Field, reservoir, sapling, sprout; wellspring, trough, trench, and pit.

When reflecting on the placeness of Laishihai and her surrounds, one immediately recalls the shapes, the angles, the particulars all splayed out and sharp before you. This is what it means to come to a place you have never been. To deliver your body, every breathing and ecstatic part of you, and pitch deeply within the aliveness of a world you have never known before.

We wanted to translate this experience of wild submersion and sensory newness into an immersive photography project that would, firstly, activate our connection to the place and the landscape; and secondly, act as a tool for sharing the concept of “placeness” intuitively and non-verbally with our hosts. We chose to create a series of photospheres—the most humble and widely accessible application of virtual reality tech, cobbling together VR viewers out of plastic lenses and found materials like cardboard boxes and corncobs. Creating photospheres allowed us to document the landscape in relation to embodied experience: the technology allows you to capture what it is like to squint up into the sun; to see the human shadow fall against the lines of blooming crop trees; to really feel the quiet solidity of how the body takes up space, what it is like to really look.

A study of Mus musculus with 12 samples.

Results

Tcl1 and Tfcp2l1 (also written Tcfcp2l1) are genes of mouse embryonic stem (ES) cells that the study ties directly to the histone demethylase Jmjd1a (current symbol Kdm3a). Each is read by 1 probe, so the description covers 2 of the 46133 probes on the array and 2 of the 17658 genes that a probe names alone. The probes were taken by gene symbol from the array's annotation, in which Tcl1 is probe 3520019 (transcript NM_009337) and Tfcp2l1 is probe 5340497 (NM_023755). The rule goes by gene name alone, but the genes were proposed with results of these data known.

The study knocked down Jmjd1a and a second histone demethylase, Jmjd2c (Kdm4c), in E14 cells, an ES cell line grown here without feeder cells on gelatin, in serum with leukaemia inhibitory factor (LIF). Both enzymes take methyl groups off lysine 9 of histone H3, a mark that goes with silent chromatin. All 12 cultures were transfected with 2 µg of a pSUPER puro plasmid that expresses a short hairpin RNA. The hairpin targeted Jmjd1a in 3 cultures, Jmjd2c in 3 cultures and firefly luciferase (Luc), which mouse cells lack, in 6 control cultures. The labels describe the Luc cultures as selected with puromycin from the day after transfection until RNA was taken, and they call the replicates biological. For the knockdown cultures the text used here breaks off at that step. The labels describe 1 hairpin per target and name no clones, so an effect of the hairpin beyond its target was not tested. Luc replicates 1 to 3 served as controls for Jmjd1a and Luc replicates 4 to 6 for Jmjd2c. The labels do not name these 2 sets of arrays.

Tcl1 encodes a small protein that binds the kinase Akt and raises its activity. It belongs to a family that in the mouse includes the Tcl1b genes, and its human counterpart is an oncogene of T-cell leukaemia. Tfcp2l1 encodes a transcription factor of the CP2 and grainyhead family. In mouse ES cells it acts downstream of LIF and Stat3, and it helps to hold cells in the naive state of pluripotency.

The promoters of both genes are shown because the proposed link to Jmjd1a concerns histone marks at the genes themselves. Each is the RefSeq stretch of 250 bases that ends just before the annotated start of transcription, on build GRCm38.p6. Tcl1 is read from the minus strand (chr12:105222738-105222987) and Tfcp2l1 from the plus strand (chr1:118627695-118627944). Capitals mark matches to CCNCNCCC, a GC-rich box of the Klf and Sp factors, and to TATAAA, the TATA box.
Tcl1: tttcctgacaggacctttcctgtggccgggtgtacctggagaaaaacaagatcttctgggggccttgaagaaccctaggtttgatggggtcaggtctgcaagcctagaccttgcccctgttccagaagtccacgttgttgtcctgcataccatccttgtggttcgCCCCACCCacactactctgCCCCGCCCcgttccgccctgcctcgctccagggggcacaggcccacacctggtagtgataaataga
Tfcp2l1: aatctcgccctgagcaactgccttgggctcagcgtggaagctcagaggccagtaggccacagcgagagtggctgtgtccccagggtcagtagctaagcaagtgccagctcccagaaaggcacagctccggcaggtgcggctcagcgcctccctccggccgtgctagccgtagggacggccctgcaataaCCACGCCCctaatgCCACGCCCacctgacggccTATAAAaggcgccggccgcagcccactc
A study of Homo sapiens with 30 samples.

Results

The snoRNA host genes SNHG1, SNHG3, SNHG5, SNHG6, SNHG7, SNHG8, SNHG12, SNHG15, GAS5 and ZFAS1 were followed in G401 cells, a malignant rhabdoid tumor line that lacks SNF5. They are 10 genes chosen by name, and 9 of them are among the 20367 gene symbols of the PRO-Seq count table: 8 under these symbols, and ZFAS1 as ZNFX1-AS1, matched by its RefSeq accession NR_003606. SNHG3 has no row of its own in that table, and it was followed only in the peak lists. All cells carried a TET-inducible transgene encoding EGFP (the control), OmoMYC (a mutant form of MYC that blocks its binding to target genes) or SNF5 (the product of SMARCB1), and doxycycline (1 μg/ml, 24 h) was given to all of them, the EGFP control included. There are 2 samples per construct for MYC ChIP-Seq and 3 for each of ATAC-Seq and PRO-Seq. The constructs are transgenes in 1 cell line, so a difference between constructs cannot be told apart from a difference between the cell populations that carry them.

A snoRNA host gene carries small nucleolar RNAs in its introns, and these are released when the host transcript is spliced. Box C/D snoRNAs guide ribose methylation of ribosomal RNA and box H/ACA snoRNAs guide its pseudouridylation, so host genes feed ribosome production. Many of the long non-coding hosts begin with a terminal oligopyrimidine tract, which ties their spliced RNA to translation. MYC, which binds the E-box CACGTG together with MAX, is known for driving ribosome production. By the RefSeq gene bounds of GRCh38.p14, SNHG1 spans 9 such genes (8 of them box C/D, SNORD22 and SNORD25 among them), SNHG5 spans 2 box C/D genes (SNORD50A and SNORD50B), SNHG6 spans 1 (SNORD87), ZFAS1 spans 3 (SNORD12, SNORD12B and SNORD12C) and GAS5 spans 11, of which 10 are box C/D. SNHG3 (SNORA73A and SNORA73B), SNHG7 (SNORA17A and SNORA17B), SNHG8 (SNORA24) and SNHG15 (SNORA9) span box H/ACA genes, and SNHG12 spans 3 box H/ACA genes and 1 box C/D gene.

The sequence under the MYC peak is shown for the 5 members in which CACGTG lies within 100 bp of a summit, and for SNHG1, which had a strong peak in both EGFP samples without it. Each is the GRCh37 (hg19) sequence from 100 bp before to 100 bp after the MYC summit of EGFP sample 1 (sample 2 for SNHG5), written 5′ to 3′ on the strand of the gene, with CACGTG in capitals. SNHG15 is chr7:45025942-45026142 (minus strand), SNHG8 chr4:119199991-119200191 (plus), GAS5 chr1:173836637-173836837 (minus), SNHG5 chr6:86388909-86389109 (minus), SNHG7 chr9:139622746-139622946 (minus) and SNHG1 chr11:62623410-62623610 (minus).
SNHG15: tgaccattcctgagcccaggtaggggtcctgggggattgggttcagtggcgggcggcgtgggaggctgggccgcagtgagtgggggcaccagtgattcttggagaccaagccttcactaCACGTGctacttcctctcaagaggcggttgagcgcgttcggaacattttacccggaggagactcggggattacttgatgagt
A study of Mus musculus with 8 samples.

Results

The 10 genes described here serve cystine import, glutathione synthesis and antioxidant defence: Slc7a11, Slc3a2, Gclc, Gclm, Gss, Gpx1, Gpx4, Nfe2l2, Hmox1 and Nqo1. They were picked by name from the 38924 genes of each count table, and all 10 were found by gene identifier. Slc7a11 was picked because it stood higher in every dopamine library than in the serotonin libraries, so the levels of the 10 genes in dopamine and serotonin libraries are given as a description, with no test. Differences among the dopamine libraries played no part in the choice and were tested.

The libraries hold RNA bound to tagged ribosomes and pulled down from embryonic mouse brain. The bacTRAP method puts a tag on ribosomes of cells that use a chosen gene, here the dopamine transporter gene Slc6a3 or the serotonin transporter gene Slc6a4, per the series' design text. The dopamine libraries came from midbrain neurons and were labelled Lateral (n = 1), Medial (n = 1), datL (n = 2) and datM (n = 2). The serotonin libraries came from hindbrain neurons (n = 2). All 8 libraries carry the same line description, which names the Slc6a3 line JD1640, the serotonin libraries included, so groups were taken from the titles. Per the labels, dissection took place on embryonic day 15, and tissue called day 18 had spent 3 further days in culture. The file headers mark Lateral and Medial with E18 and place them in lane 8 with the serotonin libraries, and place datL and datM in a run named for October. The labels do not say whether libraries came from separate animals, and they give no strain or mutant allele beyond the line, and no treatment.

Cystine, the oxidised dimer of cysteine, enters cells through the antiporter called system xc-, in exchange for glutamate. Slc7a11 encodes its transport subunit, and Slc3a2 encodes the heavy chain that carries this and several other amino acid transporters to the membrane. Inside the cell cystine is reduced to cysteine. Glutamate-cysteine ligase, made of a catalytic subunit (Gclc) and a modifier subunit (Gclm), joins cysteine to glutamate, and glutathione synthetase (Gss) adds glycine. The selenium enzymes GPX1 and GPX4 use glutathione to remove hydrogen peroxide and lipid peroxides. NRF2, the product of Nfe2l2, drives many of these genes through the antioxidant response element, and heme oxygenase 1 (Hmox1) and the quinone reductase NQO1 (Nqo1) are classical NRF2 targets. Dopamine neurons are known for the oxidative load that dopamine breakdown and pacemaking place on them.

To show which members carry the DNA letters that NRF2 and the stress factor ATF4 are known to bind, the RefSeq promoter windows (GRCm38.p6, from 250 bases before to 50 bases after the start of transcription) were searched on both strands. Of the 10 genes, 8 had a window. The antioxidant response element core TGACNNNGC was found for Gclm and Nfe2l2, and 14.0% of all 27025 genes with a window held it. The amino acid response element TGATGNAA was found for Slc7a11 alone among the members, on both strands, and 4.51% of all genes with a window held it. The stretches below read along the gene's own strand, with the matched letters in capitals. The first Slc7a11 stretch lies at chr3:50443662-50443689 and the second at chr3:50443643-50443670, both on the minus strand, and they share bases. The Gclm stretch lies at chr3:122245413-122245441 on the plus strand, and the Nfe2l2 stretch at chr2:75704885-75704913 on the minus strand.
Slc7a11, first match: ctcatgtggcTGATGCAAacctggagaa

Inspired by the Qilin puppets, props, and costumes we saw, we began exploring making our own costumes and performances. The spheres let us activate these characters and stories within the landscape.  We acted out different scenes, intentionally alternating eeriness with everydayness, and dissolving constructed boundaries between the real places we inhabited and the fictive interactions we imagined.